Sikhumbuzo Moyo, Senior Reporter
NAMIBIA and Botswana nationals will no longer be using passports when travelling between the two countries after the countries’ Presidents agreed to open their borders to each other.
President Hage Geingob of Namibia made the announcement while delivering a speech at the inaugural session of the Botswana-Namibia bi-national commission at Gaborone International Convention Centre yesterday morning.
Free movement within the African continent by Africans is one of the flagship projects for the African Union’s Agenda 2063 which seeks to remove restrictions on Africans’ ability to travel, work and live within their own continent. The initiative aims at transforming Africa’s laws, which remain generally restrictive on the movement of people despite political commitments to bring down borders with the view of promoting the issuance of visas by Member States to enhance free movement of African citizens on the continent.
“Our two countries not only share a common border but also a common people and heritage. A symbiotic and inter-dependent relationship exists along our common borders. Our relationship is coming from generation to generation, we have people on both sides of the country. I know how many Namibians are in Botswana, speaking Herrero, Nama and Afrikaans here in Botswana even though Afrikaans is a foreign language and when my brother, (Botswana President Mokgweetsi Masisi), is saying we are tired of these historical boundaries, he means it and he is so enthusiastic. I agree and we are going to abolish passports, we are going to use National Identity cards and we are going to sign that agreement today as proof that we walk the talk,” said President Geingob.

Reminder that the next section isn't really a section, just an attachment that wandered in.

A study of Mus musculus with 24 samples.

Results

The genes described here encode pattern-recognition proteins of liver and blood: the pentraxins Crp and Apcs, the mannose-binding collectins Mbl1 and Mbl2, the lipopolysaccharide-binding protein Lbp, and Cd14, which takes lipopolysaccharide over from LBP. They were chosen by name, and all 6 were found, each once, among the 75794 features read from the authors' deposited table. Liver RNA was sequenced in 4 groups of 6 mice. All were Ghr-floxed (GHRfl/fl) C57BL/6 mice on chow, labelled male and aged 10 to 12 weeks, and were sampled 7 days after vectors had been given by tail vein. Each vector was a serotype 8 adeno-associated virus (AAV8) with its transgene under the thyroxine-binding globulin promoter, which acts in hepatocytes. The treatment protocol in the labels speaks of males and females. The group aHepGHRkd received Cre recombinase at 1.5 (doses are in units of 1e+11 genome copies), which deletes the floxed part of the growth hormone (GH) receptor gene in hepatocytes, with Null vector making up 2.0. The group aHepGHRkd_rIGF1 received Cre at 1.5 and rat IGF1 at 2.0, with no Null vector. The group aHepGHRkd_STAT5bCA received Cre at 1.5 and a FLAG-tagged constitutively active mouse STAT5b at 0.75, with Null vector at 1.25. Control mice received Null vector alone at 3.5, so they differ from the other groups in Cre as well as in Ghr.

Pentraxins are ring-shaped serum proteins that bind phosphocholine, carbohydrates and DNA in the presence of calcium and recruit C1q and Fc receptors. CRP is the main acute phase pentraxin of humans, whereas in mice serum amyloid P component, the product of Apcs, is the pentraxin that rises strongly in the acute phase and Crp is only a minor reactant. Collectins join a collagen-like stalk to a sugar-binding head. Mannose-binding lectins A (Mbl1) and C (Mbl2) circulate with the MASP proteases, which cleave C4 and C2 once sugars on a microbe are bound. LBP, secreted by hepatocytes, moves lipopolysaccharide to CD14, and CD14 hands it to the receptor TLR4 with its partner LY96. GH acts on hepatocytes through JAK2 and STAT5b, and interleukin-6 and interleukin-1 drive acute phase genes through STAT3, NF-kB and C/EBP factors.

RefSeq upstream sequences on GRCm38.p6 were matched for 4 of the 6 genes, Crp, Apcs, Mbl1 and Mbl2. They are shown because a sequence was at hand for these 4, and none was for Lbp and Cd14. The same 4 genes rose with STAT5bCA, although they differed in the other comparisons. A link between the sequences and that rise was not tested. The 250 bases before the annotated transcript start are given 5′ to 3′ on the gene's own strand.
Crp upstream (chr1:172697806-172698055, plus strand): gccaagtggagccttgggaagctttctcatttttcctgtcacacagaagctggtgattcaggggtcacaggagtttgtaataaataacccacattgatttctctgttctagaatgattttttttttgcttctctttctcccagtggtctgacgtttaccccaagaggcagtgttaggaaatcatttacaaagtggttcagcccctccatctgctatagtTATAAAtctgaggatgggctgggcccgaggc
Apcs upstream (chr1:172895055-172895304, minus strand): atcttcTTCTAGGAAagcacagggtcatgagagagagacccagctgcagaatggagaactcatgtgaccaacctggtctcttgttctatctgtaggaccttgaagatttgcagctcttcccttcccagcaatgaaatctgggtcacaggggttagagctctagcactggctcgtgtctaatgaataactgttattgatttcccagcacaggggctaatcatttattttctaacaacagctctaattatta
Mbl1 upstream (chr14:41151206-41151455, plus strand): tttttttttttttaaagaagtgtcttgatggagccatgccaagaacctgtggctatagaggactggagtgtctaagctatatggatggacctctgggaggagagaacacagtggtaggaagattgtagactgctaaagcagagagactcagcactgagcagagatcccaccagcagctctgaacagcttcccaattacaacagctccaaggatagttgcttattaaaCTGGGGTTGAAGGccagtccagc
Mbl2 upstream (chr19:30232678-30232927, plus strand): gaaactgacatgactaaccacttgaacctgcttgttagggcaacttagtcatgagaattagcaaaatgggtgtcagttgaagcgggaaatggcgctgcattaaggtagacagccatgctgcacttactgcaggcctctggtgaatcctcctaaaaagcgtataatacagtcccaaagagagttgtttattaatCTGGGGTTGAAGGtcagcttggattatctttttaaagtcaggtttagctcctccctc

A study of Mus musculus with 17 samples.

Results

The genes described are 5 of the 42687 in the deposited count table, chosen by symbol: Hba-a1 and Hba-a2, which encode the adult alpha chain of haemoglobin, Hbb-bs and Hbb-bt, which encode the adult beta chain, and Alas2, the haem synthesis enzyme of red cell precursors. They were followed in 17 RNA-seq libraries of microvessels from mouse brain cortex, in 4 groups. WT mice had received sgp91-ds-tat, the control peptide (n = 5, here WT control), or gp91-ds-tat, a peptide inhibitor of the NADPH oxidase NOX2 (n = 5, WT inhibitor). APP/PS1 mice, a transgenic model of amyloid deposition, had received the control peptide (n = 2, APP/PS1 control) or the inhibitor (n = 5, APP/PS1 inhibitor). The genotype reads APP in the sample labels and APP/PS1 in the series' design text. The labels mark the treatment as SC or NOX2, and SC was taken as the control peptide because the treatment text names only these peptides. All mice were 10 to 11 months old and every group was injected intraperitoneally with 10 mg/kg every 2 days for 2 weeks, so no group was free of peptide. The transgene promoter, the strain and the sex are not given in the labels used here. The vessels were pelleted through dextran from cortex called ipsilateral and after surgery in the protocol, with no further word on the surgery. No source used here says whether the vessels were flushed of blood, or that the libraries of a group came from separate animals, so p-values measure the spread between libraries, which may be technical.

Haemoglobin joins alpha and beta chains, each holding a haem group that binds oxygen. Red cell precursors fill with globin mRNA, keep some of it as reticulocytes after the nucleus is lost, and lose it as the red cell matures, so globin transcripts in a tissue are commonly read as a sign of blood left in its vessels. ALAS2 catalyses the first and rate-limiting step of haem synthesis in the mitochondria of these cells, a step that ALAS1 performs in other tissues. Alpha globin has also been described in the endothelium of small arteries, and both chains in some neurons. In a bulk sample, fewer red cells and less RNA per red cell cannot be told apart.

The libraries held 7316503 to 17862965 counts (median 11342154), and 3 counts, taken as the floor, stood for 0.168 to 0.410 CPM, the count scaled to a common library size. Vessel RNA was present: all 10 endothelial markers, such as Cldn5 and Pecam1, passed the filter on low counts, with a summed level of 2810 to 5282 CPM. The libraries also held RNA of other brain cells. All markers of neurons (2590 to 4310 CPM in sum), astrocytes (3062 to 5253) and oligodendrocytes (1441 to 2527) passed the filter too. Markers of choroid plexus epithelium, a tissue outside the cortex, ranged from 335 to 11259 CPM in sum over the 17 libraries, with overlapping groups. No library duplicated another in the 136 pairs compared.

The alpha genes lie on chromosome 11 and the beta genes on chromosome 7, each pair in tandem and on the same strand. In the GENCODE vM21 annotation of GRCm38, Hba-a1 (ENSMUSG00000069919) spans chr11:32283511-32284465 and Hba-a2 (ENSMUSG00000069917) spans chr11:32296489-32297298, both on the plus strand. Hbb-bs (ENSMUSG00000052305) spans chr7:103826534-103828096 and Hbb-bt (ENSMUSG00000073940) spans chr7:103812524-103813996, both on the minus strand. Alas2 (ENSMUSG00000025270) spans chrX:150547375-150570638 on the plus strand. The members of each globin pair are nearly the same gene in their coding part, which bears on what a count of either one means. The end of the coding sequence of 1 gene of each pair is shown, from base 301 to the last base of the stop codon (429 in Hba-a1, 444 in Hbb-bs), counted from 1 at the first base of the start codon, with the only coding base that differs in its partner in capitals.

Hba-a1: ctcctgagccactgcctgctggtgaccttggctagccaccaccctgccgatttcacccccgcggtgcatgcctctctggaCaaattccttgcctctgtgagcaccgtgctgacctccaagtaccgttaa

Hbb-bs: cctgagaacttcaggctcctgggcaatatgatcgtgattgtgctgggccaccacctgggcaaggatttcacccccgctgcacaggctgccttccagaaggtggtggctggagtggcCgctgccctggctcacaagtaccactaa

He called on senior officials from the two nations to fast-track the implementation of the use of IDs as travel documents between the two countries.
The Free movement of persons in Africa, once fully embraced by all Member States, is expected to deliver several key benefits such as boosting intra-Africa trade, commerce and tourism, facilitating labour mobility, intra-Africa knowledge and skills transfer, promoting pan-African identity, social integration and tourism, improving trans-border infrastructure and shared development, fostering a comprehensive approach to border management and promoting rule of law, human rights, and public health.
Last month Pan African Parliament president Chief Fortune Charumbira said Africa must vigorously interrogate the implementation of a Pan African passport and the removal of Visas for its people within the African continent.
Southern African Development Community (Sadc) Member States in 1996 adopted the Sadc Protocol on Transport, Communication and Meteorology that will see each Member State recognising driving licences issued according to the agreed Sadc codes and format by other member states or an international driving permit as corresponding and equal to its own.
Zimbabwe is expected to start rolling out the Sadc Compliant Driver’s Licence this month.